Registered: 2007-08-18
Posts: 1,240


I was cleaning out my closet today. This isn't the normal clean out. You see, my closet has been destroyed by termites. All of my valuable possessions have been in storage there for years. Hardly anything has survived. It's been a bitter lesson in learning to let go.

xpv9XQCm.jpgAs I literally shoveled my prized possessions into a trash can, I hit a motherlode of old Apple II stuff. The Apple II is the first computer I ever owned or spent any real time with. It was sad business throwing away all of this old software and books that had meant so much to me, that had been so important to creating the person I am today. I flipped through the filth encrusted floppy disks and something caught my eye, something I felt might be more important than anything else I've ever possessed.

CeJ1XChm.jpgWhen I was eleven years old, moving from California to New York, I happened to find myself in an Apple dealership in Florida (long story). There I saw something amazing. A man was hunched over one of the computers playing a game. Then he stopped playing the game, typed a few characters, and filled the screen with numbers and letters. He'd type some more and after a few moments of this he was playing the game again. Then he'd stop and repeat the process, over and over again. I watched him do this -- positively transfixed -- for probably 30 or 40 minutes, maybe more. It was then that I realized that a normal human being could make a video game.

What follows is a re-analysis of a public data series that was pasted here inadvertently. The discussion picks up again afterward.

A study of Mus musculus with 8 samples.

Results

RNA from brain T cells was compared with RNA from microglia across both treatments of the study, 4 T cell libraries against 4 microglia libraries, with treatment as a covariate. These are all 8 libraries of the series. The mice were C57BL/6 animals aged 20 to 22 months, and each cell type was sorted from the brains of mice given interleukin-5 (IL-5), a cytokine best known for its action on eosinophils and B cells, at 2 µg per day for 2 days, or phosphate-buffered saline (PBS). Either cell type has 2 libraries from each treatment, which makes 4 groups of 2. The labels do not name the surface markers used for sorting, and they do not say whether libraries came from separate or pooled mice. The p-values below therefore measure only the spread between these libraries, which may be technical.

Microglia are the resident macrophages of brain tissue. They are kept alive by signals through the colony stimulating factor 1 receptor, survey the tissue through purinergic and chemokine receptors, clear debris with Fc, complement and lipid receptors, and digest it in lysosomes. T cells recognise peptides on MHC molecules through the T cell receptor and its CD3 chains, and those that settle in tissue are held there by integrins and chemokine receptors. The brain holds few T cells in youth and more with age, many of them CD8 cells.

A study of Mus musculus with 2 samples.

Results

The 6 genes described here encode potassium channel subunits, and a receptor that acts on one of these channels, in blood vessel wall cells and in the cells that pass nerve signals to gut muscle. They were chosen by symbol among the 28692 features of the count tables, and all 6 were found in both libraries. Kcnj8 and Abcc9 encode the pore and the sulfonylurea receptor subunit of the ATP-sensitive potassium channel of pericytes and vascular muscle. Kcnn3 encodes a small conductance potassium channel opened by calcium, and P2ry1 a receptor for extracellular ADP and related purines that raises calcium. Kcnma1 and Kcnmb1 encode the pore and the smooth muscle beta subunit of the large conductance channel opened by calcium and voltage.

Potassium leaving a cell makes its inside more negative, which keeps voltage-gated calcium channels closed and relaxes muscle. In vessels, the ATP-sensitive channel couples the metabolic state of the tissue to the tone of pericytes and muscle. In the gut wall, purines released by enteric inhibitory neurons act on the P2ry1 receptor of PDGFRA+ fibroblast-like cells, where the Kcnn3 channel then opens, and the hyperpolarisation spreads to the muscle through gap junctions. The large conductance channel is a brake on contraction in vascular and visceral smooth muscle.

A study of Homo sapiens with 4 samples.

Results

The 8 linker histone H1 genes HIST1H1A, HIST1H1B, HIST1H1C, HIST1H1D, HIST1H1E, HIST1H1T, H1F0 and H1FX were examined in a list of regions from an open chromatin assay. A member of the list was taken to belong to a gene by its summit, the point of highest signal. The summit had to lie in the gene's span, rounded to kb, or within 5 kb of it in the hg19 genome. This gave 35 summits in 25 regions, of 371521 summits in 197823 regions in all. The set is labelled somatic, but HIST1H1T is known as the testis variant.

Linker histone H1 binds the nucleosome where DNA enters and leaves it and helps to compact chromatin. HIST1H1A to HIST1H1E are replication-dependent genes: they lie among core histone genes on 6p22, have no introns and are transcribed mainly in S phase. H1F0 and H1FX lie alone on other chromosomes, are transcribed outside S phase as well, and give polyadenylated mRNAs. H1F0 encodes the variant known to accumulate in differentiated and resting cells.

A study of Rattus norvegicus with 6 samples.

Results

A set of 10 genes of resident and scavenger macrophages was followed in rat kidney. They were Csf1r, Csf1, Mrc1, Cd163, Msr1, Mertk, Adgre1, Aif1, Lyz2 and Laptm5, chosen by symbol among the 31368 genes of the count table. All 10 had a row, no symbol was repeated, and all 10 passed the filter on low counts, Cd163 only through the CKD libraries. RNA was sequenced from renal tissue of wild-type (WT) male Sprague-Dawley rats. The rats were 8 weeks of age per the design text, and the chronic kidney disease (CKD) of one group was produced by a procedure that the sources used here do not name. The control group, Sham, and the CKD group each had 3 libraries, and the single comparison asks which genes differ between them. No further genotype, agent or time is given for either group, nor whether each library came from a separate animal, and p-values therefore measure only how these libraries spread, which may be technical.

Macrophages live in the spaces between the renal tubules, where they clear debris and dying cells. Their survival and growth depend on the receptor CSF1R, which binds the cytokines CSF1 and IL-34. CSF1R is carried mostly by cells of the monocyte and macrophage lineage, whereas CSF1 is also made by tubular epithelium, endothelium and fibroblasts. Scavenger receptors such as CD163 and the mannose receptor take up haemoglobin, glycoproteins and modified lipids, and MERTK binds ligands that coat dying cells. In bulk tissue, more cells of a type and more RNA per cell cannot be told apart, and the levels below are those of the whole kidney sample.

That man was Samuel Moore and the game he was making was Bats in the Belfry. It's a relatively obscure release by Phoenix Software, never having been a major hit, or even a minor one for that matter. He was kind enough to let me keep watching and it wasn't long before he had my name and new address. A few months later in New York, I received in the mail a package with the published game. Samuel Moore is the reason I want to make games today. I'm so glad I was able to salvage this small piece of personal history.

What made you want to get into making games? What were your inspirations?

Some more info about Bat's in the Bellfry and Phoenix Software in these links. It's estimated that less than 100 copies were ever sold.

Last edited by xot (2014-03-16 12:32:28)

Abusing forum power since 1986.


#2 2010-07-11 23:34:23

Registered: 2009-01-02
Posts: 38

Re: Inspiration

Great story, xot, thanks for sharing.